I’ve been playing with this idea for a few weeks, and it’s not quite coming together, so I’m going to ramble for a bit and see whether it starts to solidify as I go.
It started with a quip I made to a friend last month where I claimed that the winners of the last ten years were defined by technology (e.g. Google), but that the next ten years would be defined by social connections (e.g. BJ Fogg on why Facebook is bigger than you think). This is partially an extension of Nicholas Carr’s book Does IT Matter?, where he argues that IT will be commoditized (something that is starting to happen with services like Amazon’s Web Services). In a world where technology can be outsourced (heck, where even intelligence is outsourced), the only remaining differentiator will be the strong social connections necessary to more effectively and efficiently outsource tasks and thinking.
I was having coffee with a friend today, talking about the importance of trust. As a manager or coworker, I can’t outsource work to another coworker unless I trust that they will deliver what is needed. Otherwise, I have to micromanage the coworker to make sure the task gets done, and the delegation takes more total time (mine and the coworker’s) than it would have to do it myself. Outsourcing is ineffective without developing trust and a social bond.
Okay, so now let’s imagine a completely free agent world, where all services are available from a consultant. What differentiates a successful company from an unsuccessful one? It’s not the technology or the talent, as those are available to everybody. It’s the companies that are most successful at building strong social trust with others, so that effort does not have to be duplicated, and management on both sides can be kept to a minimum. Admittedly, we’re not in that world yet, but that seems to be where things are headed. People that learn to build those social bonds will have an advantage as that world takes shape.
In such a world, investing in social relationships is as valuable as investing in financial relationships, hence the quippy title of “Social Capitalist” (as opposed to venture capitalist) for this post. Social capital will be a valuable commodity, and one that can’t necessarily be bought with money (although Jofish and I once had an interesting conversation about the conversion of social capital to financial capital and vice versa). It takes the investment of time and trust, and that is a commodity where we all start equally – nobody has more than 24 hours in a day. We may take different approaches to building those relationships, but in the end, it comes down to whether one can rely on others to help advance one’s agenda.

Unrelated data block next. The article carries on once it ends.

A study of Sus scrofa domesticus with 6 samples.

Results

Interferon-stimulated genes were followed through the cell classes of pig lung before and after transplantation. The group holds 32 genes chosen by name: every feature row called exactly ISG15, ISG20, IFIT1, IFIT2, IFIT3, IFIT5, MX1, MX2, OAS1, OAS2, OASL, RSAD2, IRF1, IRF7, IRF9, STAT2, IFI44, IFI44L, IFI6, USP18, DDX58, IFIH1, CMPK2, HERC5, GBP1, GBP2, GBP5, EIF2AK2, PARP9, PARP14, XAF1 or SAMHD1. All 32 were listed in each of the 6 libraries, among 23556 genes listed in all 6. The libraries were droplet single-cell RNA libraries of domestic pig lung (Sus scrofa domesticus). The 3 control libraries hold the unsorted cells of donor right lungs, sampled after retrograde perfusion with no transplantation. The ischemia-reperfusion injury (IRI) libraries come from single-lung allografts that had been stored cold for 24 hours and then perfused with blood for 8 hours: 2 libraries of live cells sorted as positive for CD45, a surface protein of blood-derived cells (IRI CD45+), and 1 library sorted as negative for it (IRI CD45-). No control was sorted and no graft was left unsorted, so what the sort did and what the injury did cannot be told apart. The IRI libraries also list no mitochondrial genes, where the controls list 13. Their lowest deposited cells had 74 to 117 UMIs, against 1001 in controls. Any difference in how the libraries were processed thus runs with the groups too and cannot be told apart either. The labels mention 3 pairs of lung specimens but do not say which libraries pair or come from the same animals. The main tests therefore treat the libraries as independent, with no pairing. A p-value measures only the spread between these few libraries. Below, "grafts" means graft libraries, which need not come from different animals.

What does it mean to invest in social relationships? To take one model, let’s look at the world of professional sports, which is truly a free agent world. Professional agents often start following potential stars as early as middle school. They cultivate relationships with these kids, talk to their parents, work for free on their behalf, all to lay the groundwork that the family might choose them as an agent when the kid goes pro. They have to invest in the relationship before the athlete is already successful in the hopes of having a stronger bond of trust when that success happens.
I wonder if a similar model would work in the coming world – investing in bonds of trust and friendship for the sake of helping the other person in the hopes of later being able to build on those bonds in a professional relationship. This is one of the reasons to go to an elite university – the bonds created there can benefit one throughout life, as they are built on social capital that was generated long before there was a financial incentive.
What traits make for good “social capitalists”?
- Reliable – one has to be trustworthy and always deliver on promises, and preferably go above and beyond.
- Selfless – one has to be genuinely interested in helping others. Quid pro quo may work in a cut-throat capitalist world, but in a social capitalist world, trust can’t be earned if one is keeping score.
- Understanding – one can’t be helpful unless one understands the problems of others. Building social capital requires empathy and an ability to see things from the other’s perspective.
- Likable – we tend to trust likable people. If I’m a negative cynic, I’m not much fun to be around, and that reduces the time I have to build trust with others. If I’m a happy optimist, people want to spend time with me, and that increases the chances I have to build trust.
- Ability to prioritize – we have limited time and social energy, so we need to invest that time wisely. So we need to recognize people that have the most potential (you’ll note that agents are rarely doing favors for families of 5’5″ basketball players). This may seem Machiavellian and at odds with previous traits, but it generally works out naturally. As one of my friends noted recently, if I’m meeting a new person, the new person has to be more interesting and fun than my existing friends who I already don’t have time to see for he or she to make it into my “regular rotation”. Or as another friend noted when I lamented that an ex-coworker wasn’t that interesting, “Remember that your standard of “interesting” is very high.”
Huh. Looks a lot like the list of traits for being a good friend (except for the last one). Funny that.
As I noted at the top of this post, I’m still noodling around with this idea of what it means to invest as a social capitalist, so I’d be curious to hear what other people think.
P.S. I keep on meaning to post more, but I keep on getting interrupted, this time due to attending the wedding of AWESOME last weekend, and then trying to see lots of people while I’m here in the Bay Area.